Disclaimer: The contexts and experiences shared in this blog are primarily for teens and tweens.
When did you see your child happy last?
When did he feel a sense of achievement?
What is an achievement to her?
How did you celebrate?
When did you see your child sad?
When did you see your child dissatisfied?
How did you get to know the reason?
How did you handle it?
These days we are pretty conscious about the emotions of children. Isn’t it? We keep track as to when was she happy, what made her happy, what upsets her, what days the moods are not favourable. As parents, we have become extremely sensitive and conscious of the emotions of kids. Not just emotions we are sensitive about their physical needs too. I had briefly touched base in one of my earlier blogs, sharing it here. (Part 2 – Be a Happy Parent)
What are we doing to the Emotional Quotients and the Adversity Quotients of the children? It might be too late before we realize that these are important aspects of life.
This boy I know of, has completed his engineering and completed it a long time back and is just not able to decide what to do next. A little brush by a classmate made him quit at college and a little negative stroke by his girlfriend, and he flunked. When I look at this guy, he looks smart, tall, though not a fit body, however presentable mannerisms and decent communication.
He used to live with his friends and one fine day the college reported to the mother that he has flunked in his last two semesters. Parents called him desperately to understand what is it that he needs and they could get through after many attempts and that too for just a few moments. The boy was studying outside. The parents keep calling up, for hours together but to no avail. On contacting a friend, they are told that he isn’t coming out of his room for the last few days. Parents reach him desperately and break open his door to see him sitting in a corner and refusing to get up. If forced he would roll under the bed and refuse to come out.
Another Uncle reaches along with the Parents. The gang shot a couple of questions and he started speaking out, only on the condition that the parents should not hear.
Here’s what he says:
1. I was never asked my choice. I always did what my parents wanted.
2. When spoken about my choice, I was always asked to do what is told.
3. I wanted to quit Engineering after the first year but was forced to continue.
4. I have a girlfriend, but she doesn’t want to marry me.
5. I am in my final year, but I don’t want to study.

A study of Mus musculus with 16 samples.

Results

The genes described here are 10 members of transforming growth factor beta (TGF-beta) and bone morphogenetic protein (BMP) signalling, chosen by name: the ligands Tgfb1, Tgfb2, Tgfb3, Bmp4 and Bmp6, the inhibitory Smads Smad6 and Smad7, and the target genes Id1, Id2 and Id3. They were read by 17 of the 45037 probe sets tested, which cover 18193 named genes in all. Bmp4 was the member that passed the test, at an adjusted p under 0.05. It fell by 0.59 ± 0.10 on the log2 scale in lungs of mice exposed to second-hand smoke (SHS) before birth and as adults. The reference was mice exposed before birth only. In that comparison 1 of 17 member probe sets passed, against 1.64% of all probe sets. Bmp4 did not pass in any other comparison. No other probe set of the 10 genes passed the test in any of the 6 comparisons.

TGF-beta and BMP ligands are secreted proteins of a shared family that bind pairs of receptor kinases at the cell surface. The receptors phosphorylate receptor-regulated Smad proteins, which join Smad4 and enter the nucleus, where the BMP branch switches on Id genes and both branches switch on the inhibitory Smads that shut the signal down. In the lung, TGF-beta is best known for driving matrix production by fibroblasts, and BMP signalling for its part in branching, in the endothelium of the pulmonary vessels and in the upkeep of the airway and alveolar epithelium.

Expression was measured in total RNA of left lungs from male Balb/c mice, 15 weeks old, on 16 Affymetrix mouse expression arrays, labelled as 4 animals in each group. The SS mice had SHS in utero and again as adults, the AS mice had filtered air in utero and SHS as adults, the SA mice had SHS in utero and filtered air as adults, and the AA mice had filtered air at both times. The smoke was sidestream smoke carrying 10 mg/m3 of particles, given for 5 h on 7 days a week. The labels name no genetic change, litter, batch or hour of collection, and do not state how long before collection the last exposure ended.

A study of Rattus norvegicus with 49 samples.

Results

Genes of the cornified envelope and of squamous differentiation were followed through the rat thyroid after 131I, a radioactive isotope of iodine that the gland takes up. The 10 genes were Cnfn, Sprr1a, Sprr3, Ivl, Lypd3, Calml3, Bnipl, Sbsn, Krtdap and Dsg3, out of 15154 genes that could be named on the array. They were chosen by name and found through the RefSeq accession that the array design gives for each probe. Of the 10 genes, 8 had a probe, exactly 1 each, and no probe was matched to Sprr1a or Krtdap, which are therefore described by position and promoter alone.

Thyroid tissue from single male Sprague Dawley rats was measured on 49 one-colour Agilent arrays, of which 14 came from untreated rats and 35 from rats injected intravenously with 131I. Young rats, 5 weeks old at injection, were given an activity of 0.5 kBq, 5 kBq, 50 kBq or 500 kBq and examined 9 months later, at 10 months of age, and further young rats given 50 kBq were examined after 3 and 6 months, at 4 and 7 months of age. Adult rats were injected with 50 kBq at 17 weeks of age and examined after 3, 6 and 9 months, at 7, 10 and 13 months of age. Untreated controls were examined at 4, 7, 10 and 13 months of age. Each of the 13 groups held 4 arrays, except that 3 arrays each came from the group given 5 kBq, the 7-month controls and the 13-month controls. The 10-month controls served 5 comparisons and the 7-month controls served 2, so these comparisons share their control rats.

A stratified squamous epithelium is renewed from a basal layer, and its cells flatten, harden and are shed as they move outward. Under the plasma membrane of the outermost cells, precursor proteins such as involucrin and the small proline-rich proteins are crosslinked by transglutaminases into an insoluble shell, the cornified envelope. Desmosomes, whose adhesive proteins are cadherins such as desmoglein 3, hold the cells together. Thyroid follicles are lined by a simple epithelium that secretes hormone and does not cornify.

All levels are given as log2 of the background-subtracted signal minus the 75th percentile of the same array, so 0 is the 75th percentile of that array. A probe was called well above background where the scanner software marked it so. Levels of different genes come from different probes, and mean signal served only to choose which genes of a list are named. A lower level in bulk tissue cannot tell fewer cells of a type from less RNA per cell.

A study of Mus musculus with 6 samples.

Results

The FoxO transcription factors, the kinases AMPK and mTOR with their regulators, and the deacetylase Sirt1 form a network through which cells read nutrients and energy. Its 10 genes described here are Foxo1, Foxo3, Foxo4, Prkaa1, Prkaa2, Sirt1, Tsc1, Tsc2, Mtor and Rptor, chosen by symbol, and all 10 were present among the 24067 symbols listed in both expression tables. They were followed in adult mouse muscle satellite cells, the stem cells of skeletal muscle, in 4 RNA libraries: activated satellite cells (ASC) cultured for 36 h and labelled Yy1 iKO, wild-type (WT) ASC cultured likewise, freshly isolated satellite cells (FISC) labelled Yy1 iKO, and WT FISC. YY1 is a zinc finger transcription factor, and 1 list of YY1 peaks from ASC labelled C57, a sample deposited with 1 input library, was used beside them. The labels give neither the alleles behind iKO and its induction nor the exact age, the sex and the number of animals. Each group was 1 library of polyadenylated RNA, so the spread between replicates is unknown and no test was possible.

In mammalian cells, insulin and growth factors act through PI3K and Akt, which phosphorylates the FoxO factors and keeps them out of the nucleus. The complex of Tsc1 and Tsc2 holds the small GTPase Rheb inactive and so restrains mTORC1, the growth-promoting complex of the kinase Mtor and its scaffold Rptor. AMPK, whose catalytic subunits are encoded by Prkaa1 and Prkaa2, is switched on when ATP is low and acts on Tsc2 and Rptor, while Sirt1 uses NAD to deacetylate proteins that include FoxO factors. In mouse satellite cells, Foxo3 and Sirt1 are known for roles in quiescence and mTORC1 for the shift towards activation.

This guy behaved extremely rude with his parents and uncle and was just fine among friends. Nobody in the family knew what had gone wrong. When taken to a psychologist, he was diagnosed as normal and required no medication or counselling.
Though this and many similar stories give shivers to parents, it is of high significance that we understand what must have gone wrong. All of us may have different interpretations based on our parenting styles.
Some Key points I draw from here are:
1. Too much protection in initial years
2. No involvement in decision making
3. Emotions cocooned in such a way, that EQ is suppressed
4. Dealing with Problems missing
5. Connect with either parent missing
6. Self Esteem too low
Dear Friends, I believe that we should always work with the end in mind. Remember, how beautifully Stephen Covey has explained in his book ‘Seven Habits of Highly Effective People. His Habit 2 is Begin with the end in mind. Here I am using the word ‘end’ because parenting skills have no place once the child crosses teens or is an adult.
So, when life begins for the child, Parenting melody comes to an end. A little advice here and there may find its place. So during our Conscious Parenting time, we must be aware of why we are doing all this and remember we are doing it for the child and his beautiful life.
And many such beautiful lives make the world a beautiful place!
Cheers for building lives
Guest Author: Sadaf Chaudhary
Sadaf Chaudhary is a Happiness Coach. She has about 20+ years of experience in dealing with the Happiness of children and women. She is an entrepreneur and a trainer too, not to forget, a passionate parent at heart.
All the parenting blogs are co-powered by www.mytutorjunction.com.